Everything you need to know about travelling to the EU from 2021

The end of 2020 marks the end of the Brexit transition; from next year, British travellers visiting countries in the European Union will encounter a number of changes. Here’s everything you need to know.

Will I have to get a new passport after 2020?

Not necessarily. Even if your passport is a burgundy EU document, it will continue to be valid as a UK travel document until its expiry date. The problem will be that as soon as the transition ends on 1 January 2021, European rules on passport validity become much tougher.


The UK government says: “On the day you travel, you’ll need your passport to both have at least six months left [and] be less than 10 years old (even if it has six months or more left).

“If you do not renew your passport, you may not be able to travel to most EU countries and Iceland, Liechtenstein, Norway and Switzerland.”

Unfortunately the reality is worse than this, and The Independent has told the government its information is wrong.

The passport must have been issued less than 9 years and 6 months ago.

The European Union has strict rules on passport validity for travellers visiting from outside the EU.

Passports issued by non-member countries are regarded as expired once they have been valid for 10 years.

For many years, until September 2018, the UK had the generous policy of allowing credit for “unspent” time when renewing a passport, issuing documents valid for up to 10 years and nine months.

So a passport issued on 30 June 2011 could show an expiry date of 30 March 2022.

While the expiry date printed in the passport remains valid for the UK and other non-EU countries around the world, within the European Union the issue date is critical.

That passport issued on 30 June 2011 will be regarded as expiring on 30 June 2021. Therefore if its holder attempted to board a plane to the European Union on New Year’s Day 2021, it would have insufficient validity and the airline would be obliged to turn them away – even though the British passport has almost 15 months to run.

Until September 2018 the government appeared unaware of the problem. Once the problem was identified, the practice of giving up to nine months’ grace ended abruptly.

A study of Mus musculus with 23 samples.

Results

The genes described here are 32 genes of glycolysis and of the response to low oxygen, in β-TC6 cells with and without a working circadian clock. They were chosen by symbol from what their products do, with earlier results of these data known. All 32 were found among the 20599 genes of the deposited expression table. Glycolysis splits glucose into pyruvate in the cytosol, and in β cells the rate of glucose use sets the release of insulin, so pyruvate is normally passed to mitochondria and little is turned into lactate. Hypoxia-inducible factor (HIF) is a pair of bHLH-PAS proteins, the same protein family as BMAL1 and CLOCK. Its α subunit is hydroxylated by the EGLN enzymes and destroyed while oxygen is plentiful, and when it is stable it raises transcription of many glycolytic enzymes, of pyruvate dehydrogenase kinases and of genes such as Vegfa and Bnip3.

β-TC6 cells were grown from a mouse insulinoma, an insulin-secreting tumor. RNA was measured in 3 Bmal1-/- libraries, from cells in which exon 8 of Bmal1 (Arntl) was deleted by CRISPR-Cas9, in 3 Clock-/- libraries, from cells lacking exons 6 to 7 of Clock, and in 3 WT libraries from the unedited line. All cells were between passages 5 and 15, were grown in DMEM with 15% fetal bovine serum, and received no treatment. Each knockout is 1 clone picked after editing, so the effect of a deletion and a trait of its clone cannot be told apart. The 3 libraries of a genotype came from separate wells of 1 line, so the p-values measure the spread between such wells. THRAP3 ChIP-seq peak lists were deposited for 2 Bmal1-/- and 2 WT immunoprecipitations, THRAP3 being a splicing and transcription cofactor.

The rules also apply to Switzerland, Norway and Iceland, as well as the small countries of Andorra, Liechtenstein, San Marino and Vatican City.

Shall I renew my passport now?

Not unless it is absolutely necessary to have a new one in a few weeks, because there is currently a large backlog at passport offices.

What’s the story with health care?

Since the EU referendum the government has repeatedly said that it hopes to establish a reciprocal health treaty mirroring the European Health Insurance Card (Ehic). The then-health minister, Stephen Hammond, said in a written parliamentary answer: “The department recognises that people with some pre-existing conditions rely on the Ehic to be able to travel.”

The intention has now been dropped. The government says: “You should always get appropriate travel insurance with healthcare cover before you go abroad.

“It’s particularly important you get travel insurance with the right cover if you have a pre-existing medical condition. This is because the Ehic scheme covers pre-existing conditions, while many travel insurance policies do not.”

The Association of British Insurers warns that premiums could rise, saying: “Claims costs within Europe are currently reduced due to the presence of the Ehic, which covers some or all state-provided medical costs.

“In the absence of the Ehic or similar reciprocal health agreement, insurers will inevitably see an increase in claims costs – this could have a direct impact on the prices charged to consumers.”

What about driving licences?

This is one of the travel aspects where, four years after the Brexit vote, there is no clarity.

The government says: “You may need extra documents from 1 January 2021.

“You might need an international driving permit (IDP) to drive in some countries.”

But it may be that the UK can be “listed” by the EU as a more trusted country, in which case the rules will be less onerous.